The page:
Principals now spend more time dealing with troubled students than troublesome ones as they carry the burden of collapsed pastoral supports at second level, the education minister was told yesterday.
The message was delivered by National Association of Principals and Deputy Principals (NAPD) president Padraig Flanagan, as he outlined the impact of a five-year ban on teacher promotions to middle-management roles, particularly the loss of year heads and special needs co-ordinators as holders of those posts retire.
“Mental health issues, eating disorders, bullying, self-harm, self-image, and sexual identity issues are everyday concerns in our schools,” said the principal of Castletroy College in Limerick said.
“So many schools do not have the help of a year head to deal with these issues and all schools have had cuts in guidance and counselling hours. Who picks up the pieces, minister? We do as usual. If we are to be tasked with the challenge of dealing with parental and societal neglect, we urgently require more support.”
He urged Ms O’Sullivan to adopt NAPD recommendations on new middle- management structures, and to allow principals autonomy to deploy the best people for each post of responsibility.
Delegates agreed with department official Martin Hanevy who said there could not be a return to the old system, referring to the fact that almost half of all teachers previously held special duties posts, that were often allocated based mainly on seniority.
The minister said significant changes would require negotiation with unions and management bodies, but promised that principals’ suggestions would be considered in any such process.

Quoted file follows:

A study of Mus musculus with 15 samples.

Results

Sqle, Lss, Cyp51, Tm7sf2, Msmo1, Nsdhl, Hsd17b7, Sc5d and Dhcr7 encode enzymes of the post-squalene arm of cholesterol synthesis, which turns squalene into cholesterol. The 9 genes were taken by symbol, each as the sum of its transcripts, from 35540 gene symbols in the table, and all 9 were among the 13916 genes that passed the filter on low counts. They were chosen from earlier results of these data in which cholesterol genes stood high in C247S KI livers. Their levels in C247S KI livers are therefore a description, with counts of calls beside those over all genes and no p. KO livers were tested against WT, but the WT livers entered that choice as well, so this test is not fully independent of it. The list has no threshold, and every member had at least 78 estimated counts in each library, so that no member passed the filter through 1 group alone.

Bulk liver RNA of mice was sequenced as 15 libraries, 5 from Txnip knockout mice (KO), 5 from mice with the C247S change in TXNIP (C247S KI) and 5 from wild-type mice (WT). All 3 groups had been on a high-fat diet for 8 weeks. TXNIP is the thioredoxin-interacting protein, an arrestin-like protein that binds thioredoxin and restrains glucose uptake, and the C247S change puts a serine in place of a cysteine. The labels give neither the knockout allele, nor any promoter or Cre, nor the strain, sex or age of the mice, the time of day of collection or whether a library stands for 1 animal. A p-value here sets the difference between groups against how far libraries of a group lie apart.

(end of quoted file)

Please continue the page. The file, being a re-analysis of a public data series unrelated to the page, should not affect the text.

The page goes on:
Mr Flanagan earlier said that NAPD was speaking to professional unions outside the education sphere about seeking representation, with a feeling that principals are not always represented by their teacher unions or by management bodies.
Some, he said, have had to fund their own legal representation in cases where their school boards did not support them because they must be seen to remain impartial due to a board’s potential role in appeal cases.
Ms O’Sullivan was asked when schools would return to a ring-fenced allocation of guidance counselling hours, and about the restoration of cuts to day-to-day funding that was cut again in the budget this week., prompting Mr Flanagan to say many schools depend on fashion shows and vending machines to survive
She said the priority in Budget 2015 was funding for extra teachers to keep up with growing student numbers, but she will listen to all education partners’ proposals — “outside the pressure of the budget season” — to help her decide which areas she might prioritise for the use of any additional funding in future budgets.